Yale University Art Gallery’s most recent exhibition — “Art and Industry in Early America: Rhode Island Furniture, 1650–1830” — will be the subject of a Wednesday gallery talk on French connections in Rhode Island furniture.

The collection embodies the aesthetic diversity of New England’s furniture production from the 17th to the 19th century, according to a press release by the YUAG . Patricia Kane GRD ’87, the Friends of American Arts curator of American decorative arts responsible for organizing the exhibition, said the exhibition features pieces from the first Rhode Island settlements in the 1650s to those of 1830, when the “small-shop industry” declined, giving way to the wholesale furniture market. In addition to showcasing 106 pieces of furniture such as cabinets, bureaus, chairs and clocks, the exhibition will include paintings and symbolic items.

“The show is a chronological survey that brings to light the aspects of Rhode Island furniture that are otherwise little understood,” Kane said.

Kane said that since many visitors are not versed in American furniture history, the exhibition includes supplementary items, such as a silver chalice owned by the Yale collection that addresses religious diversity and that serves to provide historical context to viewers.

Items in the exhibition are chiefly drawn from private collections or are on loan from other museums. Sixty-four lenders contributed to the exhibition, and the University owns only five of the furniture pieces on display, Kane said.

Integrated within the display are robust technological reinforcements: IPads provide additional information about the show’s five featured objects — one of which is a 1740s high chest attributed to Newport furniture maker Christopher Townsend — and three instructional videos show contemporary furniture makers constructing modern replicas of the furniture on display.

“The innovative combination of historic objects, hands-on reproductions, and digital media explaining construction and manufacture is excellent,” said Philippe Halbert GRD ’21, who is giving this Wednesday’s gallery talk at the YUAG.

Xiao Situ DIV ’17, a Wurtele Gallery Teacher who uses the exhibition for teaching K-12 and adult groups, said she thinks it is important for people to watch the process that links raw materials for furniture to a final product. Situ added that the exhibition of furniture-making in Rhode Island provides an avenue into early American history.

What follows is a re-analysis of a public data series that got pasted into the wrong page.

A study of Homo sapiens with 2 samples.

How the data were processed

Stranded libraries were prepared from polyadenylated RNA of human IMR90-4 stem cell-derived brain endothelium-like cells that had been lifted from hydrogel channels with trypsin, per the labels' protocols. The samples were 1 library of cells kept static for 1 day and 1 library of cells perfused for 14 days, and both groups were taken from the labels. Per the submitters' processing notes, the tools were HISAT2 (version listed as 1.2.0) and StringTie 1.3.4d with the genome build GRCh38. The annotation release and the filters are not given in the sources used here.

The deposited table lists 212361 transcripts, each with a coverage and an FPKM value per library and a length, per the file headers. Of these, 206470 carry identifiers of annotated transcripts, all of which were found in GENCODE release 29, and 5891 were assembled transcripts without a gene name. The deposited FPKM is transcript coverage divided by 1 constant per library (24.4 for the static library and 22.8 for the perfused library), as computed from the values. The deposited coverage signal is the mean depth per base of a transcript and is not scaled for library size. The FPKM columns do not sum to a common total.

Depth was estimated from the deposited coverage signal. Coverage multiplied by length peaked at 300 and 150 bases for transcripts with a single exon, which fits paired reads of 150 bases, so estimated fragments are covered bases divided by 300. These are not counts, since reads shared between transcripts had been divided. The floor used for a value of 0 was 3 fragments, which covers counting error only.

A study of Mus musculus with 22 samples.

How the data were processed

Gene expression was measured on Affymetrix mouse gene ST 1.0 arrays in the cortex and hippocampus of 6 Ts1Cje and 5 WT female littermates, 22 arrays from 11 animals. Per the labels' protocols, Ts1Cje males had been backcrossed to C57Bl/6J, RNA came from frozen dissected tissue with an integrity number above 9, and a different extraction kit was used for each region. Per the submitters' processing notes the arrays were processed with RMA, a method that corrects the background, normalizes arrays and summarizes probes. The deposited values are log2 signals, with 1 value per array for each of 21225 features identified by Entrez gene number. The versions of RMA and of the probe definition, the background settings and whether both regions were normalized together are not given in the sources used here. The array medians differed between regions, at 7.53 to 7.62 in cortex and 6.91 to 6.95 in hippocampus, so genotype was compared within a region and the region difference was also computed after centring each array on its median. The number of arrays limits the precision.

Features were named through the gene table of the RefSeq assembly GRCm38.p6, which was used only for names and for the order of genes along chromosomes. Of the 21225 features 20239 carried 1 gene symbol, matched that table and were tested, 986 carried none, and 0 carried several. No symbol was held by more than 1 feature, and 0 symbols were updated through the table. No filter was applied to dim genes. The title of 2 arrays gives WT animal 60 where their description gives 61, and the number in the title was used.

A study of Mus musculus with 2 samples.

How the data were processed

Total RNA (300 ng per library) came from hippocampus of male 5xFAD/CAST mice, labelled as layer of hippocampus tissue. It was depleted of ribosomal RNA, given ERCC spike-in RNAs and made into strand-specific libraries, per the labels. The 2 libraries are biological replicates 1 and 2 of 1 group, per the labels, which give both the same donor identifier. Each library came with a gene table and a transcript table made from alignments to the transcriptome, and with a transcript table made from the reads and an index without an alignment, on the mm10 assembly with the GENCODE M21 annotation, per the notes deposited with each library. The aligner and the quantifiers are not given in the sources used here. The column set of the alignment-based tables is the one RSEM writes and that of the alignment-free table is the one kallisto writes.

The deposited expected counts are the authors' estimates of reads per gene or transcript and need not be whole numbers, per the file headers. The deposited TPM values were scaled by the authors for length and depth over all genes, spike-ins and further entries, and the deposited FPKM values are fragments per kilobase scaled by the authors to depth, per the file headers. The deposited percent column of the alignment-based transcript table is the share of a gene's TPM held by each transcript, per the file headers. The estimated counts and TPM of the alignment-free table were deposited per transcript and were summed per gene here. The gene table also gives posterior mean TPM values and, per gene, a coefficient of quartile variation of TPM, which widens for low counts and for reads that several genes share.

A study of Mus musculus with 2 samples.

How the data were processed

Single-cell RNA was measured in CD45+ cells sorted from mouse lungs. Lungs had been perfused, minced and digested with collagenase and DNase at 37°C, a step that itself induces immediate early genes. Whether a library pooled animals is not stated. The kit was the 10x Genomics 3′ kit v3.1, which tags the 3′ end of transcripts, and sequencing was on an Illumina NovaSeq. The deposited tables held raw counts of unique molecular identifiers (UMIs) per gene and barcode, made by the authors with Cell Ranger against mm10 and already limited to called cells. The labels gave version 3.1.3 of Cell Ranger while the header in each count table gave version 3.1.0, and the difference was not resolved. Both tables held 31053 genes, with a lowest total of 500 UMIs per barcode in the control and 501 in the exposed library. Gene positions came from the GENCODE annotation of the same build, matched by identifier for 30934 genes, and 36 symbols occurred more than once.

Halbert highlighted the Townsend chest as an example of the objects’ grounding in history. He said the mahogany used in the chest’s construction came from the Caribbean Basin, which is indicative of developed trade networks in the colonial Americas. Halbert also noted that the timing of the exhibition coincides with a History of Art course on global decorative arts taught by Edward Cooke this semester.

In her classes, Situ said she uses an over-mantle painting by an anonymous artist depicting a family portrait with a black servant to examine the reason furniture was able to exist: the availability of slave labor.

“It is an opportunity to open up a conversation about how beautiful objects always have a different perspective to the story,” Situ said. “I don’t know how many past exhibitions of American furniture have discussed the role of the slave trade, so it’s a small intervention that I can include in my tour.”

Kane spent most of 2014 travelling to 23 institutions — both museums and private collections — to speak to museum curators and further research the exhibition. These travels, Kane said, were opportunities for her to uncover other important pieces to include in the collection.

Caryne Eskridge, the Marcia Brady Tucker Fellow in the department of American Decorative Arts, said a more comprehensive understanding of the furniture emerges when historical court and town-hall records and physical evidence are combined.

Halbert said the exhibit’s “versatile and dynamic approach” to studying Rhode Island furniture serves as a model for interdisciplinary research at Yale.

But despite over a decade of research, conceptualization and sourcing, Kane maintains that the exhibition is not exhaustive and that there are still gaps in her knowledge.

“In 1756, five cabinet makers in Providence signed a price-fixing agreement regarding the prices they’d agree to charge for different types of furniture,” Kane explained. “There is no evidence of signed pieces by any of the five, and we had hoped to identify what they were making.”

Additionally, after analyzing the genealogy of a Newport family and attempting to trace a married couple with the corresponding initials that were engraved in a table, Kane said she and her colleagues were never able to pin down the table’s original owners.

Although the exhibition brings the academic understanding of Rhode Island furniture to a new level, Kane insists that surprises continually emerge as she endeavors to piece together the historical narrative that informs these increasingly valuable relics.

Kane described the current challenge facing furniture historians: the ability to distinguish between the different kinds of mahogany in the Caribbean and Central America.

The exhibition is on display until Jan. 8, 2017.